According to Arrington and Bitton, “most individual responses of modern Mormons involve a kind of tie with the past” . History is central to the Latter-day Saint faith. Stories from Latter-day Saint history reverberate out from their local settings and have a global impact in the lives of many, for both good and ill. How and/or why does this happen?
January 27th 2010 was the Holocaust Memorial Day for the UK, and with my family we attended a small service in Ilford, England at Valentines Park. Readings, prayers, poetry and experiences were shared. Moreover, the youth in our ward had their own Holocaust memorial were we discussed aspects of that tragedy and the meaning that it might have for us today. Participating in this type of memorialising has often made me feel uncomfortable; I feel that I am an outsider to a form of suffering that (part of me) wants to claim as my own.
Positioning oneself in relation to this kind of ‘tribal’ suffering is not an uncommon experience. For example, Hirsch argues that ‘Post-memory’ is a concept that can help thinkers understand the ways in which seminal experiences, specifically those that are traumatic and painful, are transmitted through subsequent generations in a way that re-creates memories in those later generations. As an example Hirsch looks at Holocaust memory and how these events have been a source of mystery and pain for some survivor’s children, a prominent example of the type of literature that such experiences of post-memory produce is ‘Maus’ by Art Spieglman.
These ideas might be important for Latter-day Saints because they provide a possible way of explaining a deeply connection with many of the events of the restoration (but particularly the suffering of the Saints). These feelings can be evocked in a number of ways, they are often linked with images and/or stories. Avard Fairbank’s statue of the couple over a small grave is one such example which resonates with me. It might also explain the emphasis the Church has placed upon its pioneer heritage; for if people are able to connect with this history their conversion becomes one of community (both contemporary and historical) as well as spiritual.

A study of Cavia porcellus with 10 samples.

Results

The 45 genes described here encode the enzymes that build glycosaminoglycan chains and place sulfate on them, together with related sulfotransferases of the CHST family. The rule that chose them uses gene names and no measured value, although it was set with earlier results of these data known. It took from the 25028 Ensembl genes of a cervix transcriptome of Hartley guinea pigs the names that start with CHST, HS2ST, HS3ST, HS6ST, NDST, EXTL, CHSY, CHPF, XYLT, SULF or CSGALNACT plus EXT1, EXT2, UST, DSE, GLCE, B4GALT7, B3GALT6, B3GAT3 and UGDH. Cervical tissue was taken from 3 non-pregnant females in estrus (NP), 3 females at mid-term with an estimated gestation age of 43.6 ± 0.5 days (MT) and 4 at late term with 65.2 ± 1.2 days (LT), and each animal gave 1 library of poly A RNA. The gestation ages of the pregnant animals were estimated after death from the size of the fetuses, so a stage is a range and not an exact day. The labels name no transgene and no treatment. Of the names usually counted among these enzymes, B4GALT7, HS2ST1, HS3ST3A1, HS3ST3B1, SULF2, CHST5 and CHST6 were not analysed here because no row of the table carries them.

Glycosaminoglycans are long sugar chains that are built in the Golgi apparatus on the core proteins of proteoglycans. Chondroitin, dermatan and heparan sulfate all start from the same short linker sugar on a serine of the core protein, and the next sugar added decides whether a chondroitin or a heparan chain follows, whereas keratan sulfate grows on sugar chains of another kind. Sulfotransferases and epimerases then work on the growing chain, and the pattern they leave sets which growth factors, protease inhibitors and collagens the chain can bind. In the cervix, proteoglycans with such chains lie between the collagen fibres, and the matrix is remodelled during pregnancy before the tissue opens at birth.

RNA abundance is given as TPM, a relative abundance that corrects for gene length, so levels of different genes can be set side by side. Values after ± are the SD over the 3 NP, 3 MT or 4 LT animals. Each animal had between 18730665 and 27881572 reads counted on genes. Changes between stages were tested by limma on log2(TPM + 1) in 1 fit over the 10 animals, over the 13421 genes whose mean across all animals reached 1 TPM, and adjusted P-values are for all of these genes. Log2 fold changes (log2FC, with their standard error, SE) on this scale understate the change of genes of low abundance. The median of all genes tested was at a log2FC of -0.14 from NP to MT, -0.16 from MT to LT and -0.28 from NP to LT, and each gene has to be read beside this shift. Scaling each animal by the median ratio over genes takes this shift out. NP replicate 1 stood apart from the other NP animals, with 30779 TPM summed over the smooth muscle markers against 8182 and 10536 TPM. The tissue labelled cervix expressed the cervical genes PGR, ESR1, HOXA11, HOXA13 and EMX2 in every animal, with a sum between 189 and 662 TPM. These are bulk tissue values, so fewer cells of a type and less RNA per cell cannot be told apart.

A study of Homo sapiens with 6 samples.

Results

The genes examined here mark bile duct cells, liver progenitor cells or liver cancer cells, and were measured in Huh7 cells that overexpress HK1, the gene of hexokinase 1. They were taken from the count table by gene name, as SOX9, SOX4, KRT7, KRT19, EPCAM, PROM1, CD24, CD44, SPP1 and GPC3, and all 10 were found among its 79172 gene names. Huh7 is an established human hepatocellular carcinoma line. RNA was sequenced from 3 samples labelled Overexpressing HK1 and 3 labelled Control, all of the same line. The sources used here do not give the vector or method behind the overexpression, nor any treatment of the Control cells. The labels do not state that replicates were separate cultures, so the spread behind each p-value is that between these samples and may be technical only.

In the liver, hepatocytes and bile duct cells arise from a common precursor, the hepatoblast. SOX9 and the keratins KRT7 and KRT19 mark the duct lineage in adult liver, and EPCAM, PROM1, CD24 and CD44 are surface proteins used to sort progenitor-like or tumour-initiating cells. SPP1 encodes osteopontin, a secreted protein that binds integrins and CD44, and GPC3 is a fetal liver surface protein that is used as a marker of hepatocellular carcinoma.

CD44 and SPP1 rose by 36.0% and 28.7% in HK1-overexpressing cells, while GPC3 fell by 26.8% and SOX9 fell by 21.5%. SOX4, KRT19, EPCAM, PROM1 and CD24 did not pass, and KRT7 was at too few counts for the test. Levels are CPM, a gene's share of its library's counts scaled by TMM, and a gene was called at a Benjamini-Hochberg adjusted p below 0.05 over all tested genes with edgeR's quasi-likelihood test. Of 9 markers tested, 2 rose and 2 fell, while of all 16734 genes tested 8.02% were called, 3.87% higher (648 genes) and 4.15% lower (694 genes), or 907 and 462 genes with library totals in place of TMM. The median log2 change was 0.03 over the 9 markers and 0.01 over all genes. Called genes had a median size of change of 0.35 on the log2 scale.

The negative side to this dynamic is that once those connections are made they provide a particular emotional/spiritual relationship that is often based upon ‘truth’. If someone finds out that the Auschwitz was really just a holiday camp then perhaps we would understand their feeling betrayed. Is it possible therefore that this process of post-memory is a part of a wider dynamic that binds people to the Church and its heritage but which also rests upon a certain historical veracity.
Another question this raises pertains to whether such experiences can be accessible to people outside of the blood lines of such early pioneers, is it accessible for non-Americans?
Are such experiences even common to Americans (specifically Mountain Saints)?
I sense that they are accessible, but that this is done in contradictory or conflicting ways. A Scottish lady once described her first visit to Nauvoo to me. She vividly depicted the buildings and experiences she had seen there. This lady walked away from Nauvoo across the river toward Winter Quarters and her heart broke; she wept as she trod her way up the hill, surprised at her own emotion. Later, while discussing this with a sibling, the sister said “Of course you felt that way, These are our People!”
I am not sure why such connections happen and yet I sense that they are important in establishing our communities. However I also sense that traversing the boundaries that divide us can also create fractures in the way we relate to and negotiate these experiences. Moreover I believe that creating these connections also means that they are able to be betrayed. I wonder whether people struggle to connect with Latter-Day Saint history in the same way I have struggled to form a legitimate association with the Holocaust?
1. Leonard J. Arrington & Davis Bitton, The Mormon Experience: A History of the Latter-day Saints, 2nd ed. (Chicago: University of Illinois Press, 1992) 334.
2. Marianne Hirsch “Surviving Images: Holocaust Photographs and the Work of Postmemory,” Yale Journal of Criticism (Spring 2001).